Why singing in a choir is a demonstration of the three aspects of beauty - integrity, due proportion and clarity.
When I was at the Sacra Liturgia 2013 conference in Rome, we had two Latin Masses and two Solemn Vespers all with a wonderful choir leading the congregation in chant. This was a congregation that knew their chant. Many were experienced in leading and teaching and I'm guessing that pretty much all would be in accord with the idea that Latin is the norm for the Mass and that chant and polyphony are the highest forms in which it should be sung. Not surprisingly many people joined in. What was surprising though, given the company, was how poorly the congregational members (which included me!) managed to unify their voices with each other and the choir. We really were a fragmented collection of individuals, so much so that one of the speakers - a Benedictine - remarked upon it. One wonders if this is the reason that some communities request that members of the congregation request that guests do not join in the singing of the liturgy, even for which it would be generally encourage, say the Ordinaries of the Mass.
So here are my thoughts on how one might achieve this in a congregation. This another reflection written originally for Catholic Education Daily, who sponsored me to go the conference. The full article called chant tips for colleges and parishes from a member of the congregation, is here.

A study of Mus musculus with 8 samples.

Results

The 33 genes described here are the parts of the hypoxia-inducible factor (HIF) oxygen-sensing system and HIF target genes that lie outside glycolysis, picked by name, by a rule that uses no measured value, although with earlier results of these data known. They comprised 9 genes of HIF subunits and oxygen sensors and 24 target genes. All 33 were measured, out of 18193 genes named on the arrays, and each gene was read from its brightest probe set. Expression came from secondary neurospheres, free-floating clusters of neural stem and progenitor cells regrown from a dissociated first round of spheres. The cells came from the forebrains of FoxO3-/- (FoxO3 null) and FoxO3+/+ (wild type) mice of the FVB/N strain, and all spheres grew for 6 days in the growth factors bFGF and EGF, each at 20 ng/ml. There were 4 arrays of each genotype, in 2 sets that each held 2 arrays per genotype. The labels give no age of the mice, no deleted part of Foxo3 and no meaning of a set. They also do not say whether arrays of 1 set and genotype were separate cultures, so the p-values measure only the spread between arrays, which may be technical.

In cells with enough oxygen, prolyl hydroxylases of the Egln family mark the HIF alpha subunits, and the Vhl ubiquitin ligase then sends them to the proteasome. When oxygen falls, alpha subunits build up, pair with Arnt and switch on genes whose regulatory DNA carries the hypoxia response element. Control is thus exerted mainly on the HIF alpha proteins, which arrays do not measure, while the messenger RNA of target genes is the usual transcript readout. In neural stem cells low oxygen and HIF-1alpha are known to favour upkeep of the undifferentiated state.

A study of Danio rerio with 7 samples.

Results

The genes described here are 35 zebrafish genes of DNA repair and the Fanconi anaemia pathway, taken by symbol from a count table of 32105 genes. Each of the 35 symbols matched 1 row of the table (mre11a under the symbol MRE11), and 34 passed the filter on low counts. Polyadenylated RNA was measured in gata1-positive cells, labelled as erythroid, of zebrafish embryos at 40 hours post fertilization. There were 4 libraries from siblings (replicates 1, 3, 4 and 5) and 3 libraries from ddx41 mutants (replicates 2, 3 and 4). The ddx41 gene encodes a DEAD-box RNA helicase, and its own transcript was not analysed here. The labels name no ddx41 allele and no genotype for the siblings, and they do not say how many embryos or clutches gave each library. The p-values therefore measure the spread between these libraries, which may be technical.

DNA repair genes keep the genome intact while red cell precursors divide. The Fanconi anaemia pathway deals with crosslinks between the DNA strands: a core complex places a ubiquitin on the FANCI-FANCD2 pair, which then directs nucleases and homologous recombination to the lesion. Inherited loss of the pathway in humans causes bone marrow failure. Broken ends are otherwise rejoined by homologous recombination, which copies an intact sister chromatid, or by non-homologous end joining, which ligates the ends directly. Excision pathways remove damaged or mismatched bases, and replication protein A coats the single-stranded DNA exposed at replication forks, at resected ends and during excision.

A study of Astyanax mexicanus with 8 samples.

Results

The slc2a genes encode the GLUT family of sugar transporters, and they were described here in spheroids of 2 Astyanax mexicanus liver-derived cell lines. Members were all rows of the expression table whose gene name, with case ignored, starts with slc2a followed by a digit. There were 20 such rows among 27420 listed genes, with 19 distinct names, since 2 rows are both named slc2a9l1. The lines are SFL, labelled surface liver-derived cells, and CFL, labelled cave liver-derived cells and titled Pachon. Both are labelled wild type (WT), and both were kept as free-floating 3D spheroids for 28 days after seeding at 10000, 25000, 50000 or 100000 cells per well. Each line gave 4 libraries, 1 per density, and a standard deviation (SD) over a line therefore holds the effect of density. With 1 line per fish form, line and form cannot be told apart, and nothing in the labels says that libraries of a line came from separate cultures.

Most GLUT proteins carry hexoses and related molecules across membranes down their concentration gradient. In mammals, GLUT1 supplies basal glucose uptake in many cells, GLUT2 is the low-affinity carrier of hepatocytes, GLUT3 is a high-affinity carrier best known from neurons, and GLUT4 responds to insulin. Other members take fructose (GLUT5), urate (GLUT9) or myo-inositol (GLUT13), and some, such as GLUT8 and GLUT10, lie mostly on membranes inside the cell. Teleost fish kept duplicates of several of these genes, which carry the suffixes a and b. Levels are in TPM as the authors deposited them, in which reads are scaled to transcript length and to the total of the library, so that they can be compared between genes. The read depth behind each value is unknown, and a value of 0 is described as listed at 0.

It has since struck me how singing in a choir and aiming for a beautiful unified voice requires us to think about each of the three aspects of beauty - due proportion, integrity and clarity - simultaneously and therefore is a discipline that will form us in an understanding of beauty very deeply. I have written elsewhere of how I believe that singing modal music develops our sensibilities, here; but I am talking now of an additional aspect that arises by virtue of singing with others.
Due proportion means that each part in in the right relationship to the others. In this case we work in unision to the singer must listen to the voices of those around him so that his voice blends. Even if he knows the piece perfectly he cannot blend unless he considers how his voice relates to the unified voice of the choir. This is true at any instant, but accross the extended time period of the piece sung, all parts must be in right relation to all others.
Integrity is the degree to which the whole conforms to the purpose intended for it. In a choir even beyond the choice of the music and the words, there has to be a consideration of how it is interpreted. In order for this to happen, the director must decide upon an interpretation that all subscribe to. It would be hopeless if each singer interpreted individually and then sang accordingly. So aside from singing in unity, we must accept the authority of the leader to direct that unified voice to a purpose that is appropriate to the choir (this is also a good exercise in humility!). The choice of the piece is relevant here too. We may sing something perfectly, but if the piece is not appropriate in its setting, say it is not appropriate for the Feast in question, then it does not fulfill this criterion.
Claritas can be thought of as the radiance of truth. For something to be beautiful it must communicate to us clearly what it is. So this means a clear articulation of the words and music and it must be heard by congregation.
All these things are essential, I would suggest, when we sing in the liturgy...and probably a good idea everywhere else too!